BEST IELTS Academic Writing Task 1 Tips
ACADEMIC WRITING TASK 1 TIPS
FINDING MAIN FEATURES
The real challenge is identifying the main features; in fact, the main features vary from question to question. Still, it is very useful to pick up the following points:
1. The highest and the lowest figures
2. Beginnings and endings
3. Overall trends and patterns
4. Deviations from trends (exceptions)
SUMMARIZING IS DOING THREE THINGS
1. Selecting: Means choosing a few and leaving out a lot
2. Reporting: Saying what you see
3. Comparing: Not just about more or less
You get a number of figures but you cannot include all of them in your summary. You have to select a few and leave out the rest. Instead of writing the numbers again and again, you have to describe some of them in language. This means you have to combine numbers and words to convey the information in the data. Clearly, this will be a more effective strategy when you summarize information in the body paragraphs. But in the introduction and conclusions, it is better to avoid using numbers. These paragraphs are general descriptions and should be purely language based. The language here includes similarities/equalities; changes over time; changes in proportion; the most/the least; and so on.
DESCRIBING TRENDS IN GRAPHS
When you compare something across two or more points of time, you are able to describe a trend. You can use simple past tense because you are describing what happened between two points of time. For example, between 1995 and 2000, something changed or rose, or fell. The present perfect tense describes what has happened between a point of time and now. For example, from 1990 until now, something has changed, has risen or has fallen. The latter will be helpful when you have all the three time periods in the graph.
For example, consider the sentence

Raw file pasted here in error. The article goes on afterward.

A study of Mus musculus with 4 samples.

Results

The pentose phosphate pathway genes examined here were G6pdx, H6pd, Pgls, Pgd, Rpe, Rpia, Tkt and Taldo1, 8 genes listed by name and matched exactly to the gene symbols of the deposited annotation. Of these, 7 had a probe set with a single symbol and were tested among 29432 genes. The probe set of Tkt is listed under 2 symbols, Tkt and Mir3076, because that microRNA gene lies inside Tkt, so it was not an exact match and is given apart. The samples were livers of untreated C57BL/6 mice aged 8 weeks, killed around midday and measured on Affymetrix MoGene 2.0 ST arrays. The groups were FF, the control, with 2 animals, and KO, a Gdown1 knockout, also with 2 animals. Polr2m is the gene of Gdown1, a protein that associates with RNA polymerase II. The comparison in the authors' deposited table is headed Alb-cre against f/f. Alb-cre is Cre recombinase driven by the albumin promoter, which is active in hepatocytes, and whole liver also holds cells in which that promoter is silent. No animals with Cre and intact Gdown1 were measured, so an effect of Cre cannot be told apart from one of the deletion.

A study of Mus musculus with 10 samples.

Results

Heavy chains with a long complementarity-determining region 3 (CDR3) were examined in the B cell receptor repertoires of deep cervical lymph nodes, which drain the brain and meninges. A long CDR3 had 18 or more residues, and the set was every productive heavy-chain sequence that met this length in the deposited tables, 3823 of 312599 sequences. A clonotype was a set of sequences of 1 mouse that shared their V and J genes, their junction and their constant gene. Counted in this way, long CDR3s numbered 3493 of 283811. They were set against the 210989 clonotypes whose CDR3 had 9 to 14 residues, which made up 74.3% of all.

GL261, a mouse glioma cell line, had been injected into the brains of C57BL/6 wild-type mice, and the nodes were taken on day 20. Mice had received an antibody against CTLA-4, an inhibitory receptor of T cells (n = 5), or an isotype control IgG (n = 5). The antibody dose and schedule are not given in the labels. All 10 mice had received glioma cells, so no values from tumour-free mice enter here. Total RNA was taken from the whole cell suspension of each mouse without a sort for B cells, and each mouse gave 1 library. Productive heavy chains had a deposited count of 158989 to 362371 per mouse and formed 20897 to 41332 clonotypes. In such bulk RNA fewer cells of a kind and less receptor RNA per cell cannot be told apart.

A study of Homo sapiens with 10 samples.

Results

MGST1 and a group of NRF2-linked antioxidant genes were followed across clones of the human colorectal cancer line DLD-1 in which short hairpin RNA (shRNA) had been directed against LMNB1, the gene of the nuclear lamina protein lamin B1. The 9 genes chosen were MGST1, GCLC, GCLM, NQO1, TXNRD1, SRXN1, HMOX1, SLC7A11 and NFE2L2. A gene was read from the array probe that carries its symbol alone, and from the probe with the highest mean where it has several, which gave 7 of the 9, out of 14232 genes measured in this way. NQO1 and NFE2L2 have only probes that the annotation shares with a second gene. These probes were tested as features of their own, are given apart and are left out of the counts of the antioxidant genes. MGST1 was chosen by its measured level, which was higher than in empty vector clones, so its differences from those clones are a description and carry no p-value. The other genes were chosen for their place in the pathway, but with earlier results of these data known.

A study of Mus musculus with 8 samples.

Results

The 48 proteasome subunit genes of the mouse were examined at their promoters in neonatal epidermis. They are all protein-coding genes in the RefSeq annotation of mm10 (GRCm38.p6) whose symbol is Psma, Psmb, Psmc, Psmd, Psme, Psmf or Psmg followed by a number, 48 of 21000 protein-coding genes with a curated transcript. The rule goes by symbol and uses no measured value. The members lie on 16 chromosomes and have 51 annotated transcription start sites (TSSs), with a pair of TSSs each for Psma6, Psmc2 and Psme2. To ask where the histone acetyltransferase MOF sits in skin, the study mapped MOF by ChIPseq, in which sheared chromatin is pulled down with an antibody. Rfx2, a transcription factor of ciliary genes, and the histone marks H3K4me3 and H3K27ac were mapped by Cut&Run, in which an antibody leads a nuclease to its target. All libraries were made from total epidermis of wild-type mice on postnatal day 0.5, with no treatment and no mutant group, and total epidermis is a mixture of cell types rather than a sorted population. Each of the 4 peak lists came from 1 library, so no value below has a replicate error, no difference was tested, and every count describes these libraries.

“The average income was $2,500 and then t rose t $3,500, and then it dropped slightly in 2008 and fell to around $2,800 at the end of 2011.
This sentence is correct but not something that will help you get a high band score; for scoring high you have to show your flair for writing good sentences with accuracy. The same sentence can be reproduced as”
“After it reached a peak of $3,500 in 2005, the average income dropped slightly in 2008 before finishing at $2,800 in 2011.
For indicating future trends or projections, you can simply use the simple future tense or a variation of it: will, expected to, etc.
Whenever you describe trends, rather than describing each and every specific point in the graph in detail, it would be wise to write only the main points, which can be included but are not limited to:
1. The starting point/the ending point
2. The main years/months/days (where you see a peak, a fall, a plateau or fluctuation)
MAKING LATERAL COMPARISONS IN GRAPHS
When you compare something across two or more entities, you are able to make a lateral comparison. You can use simple present tense because you are describing what is common and what is different between the two entities.
It would not be appropriate to write a separate paragraph for each set of data as the examiner wants to see how you compare, which is one of the requirements stated in the question. For example, while both companies A and B are……….., company A is more into……….than company B.
DESCRIBING COORDINATES BETWEEN TWO OE MORE GRAPH TYPES
Often, you get graphs that are a combination of two or more types. For example, one graph could be in the form of a pie chart, indicating the proportion of two or more entities in a ‘whole’, while another could be a bar chart indicating trends in the progression of such entities over a period of time. When you describe coordinates between two or more graph types, you are describing a lateral comparison as well as a trend. You can use simple present tense to describe the proportion and a simple present tense or a present perfect tense to describe what ha happened between a point of time and now.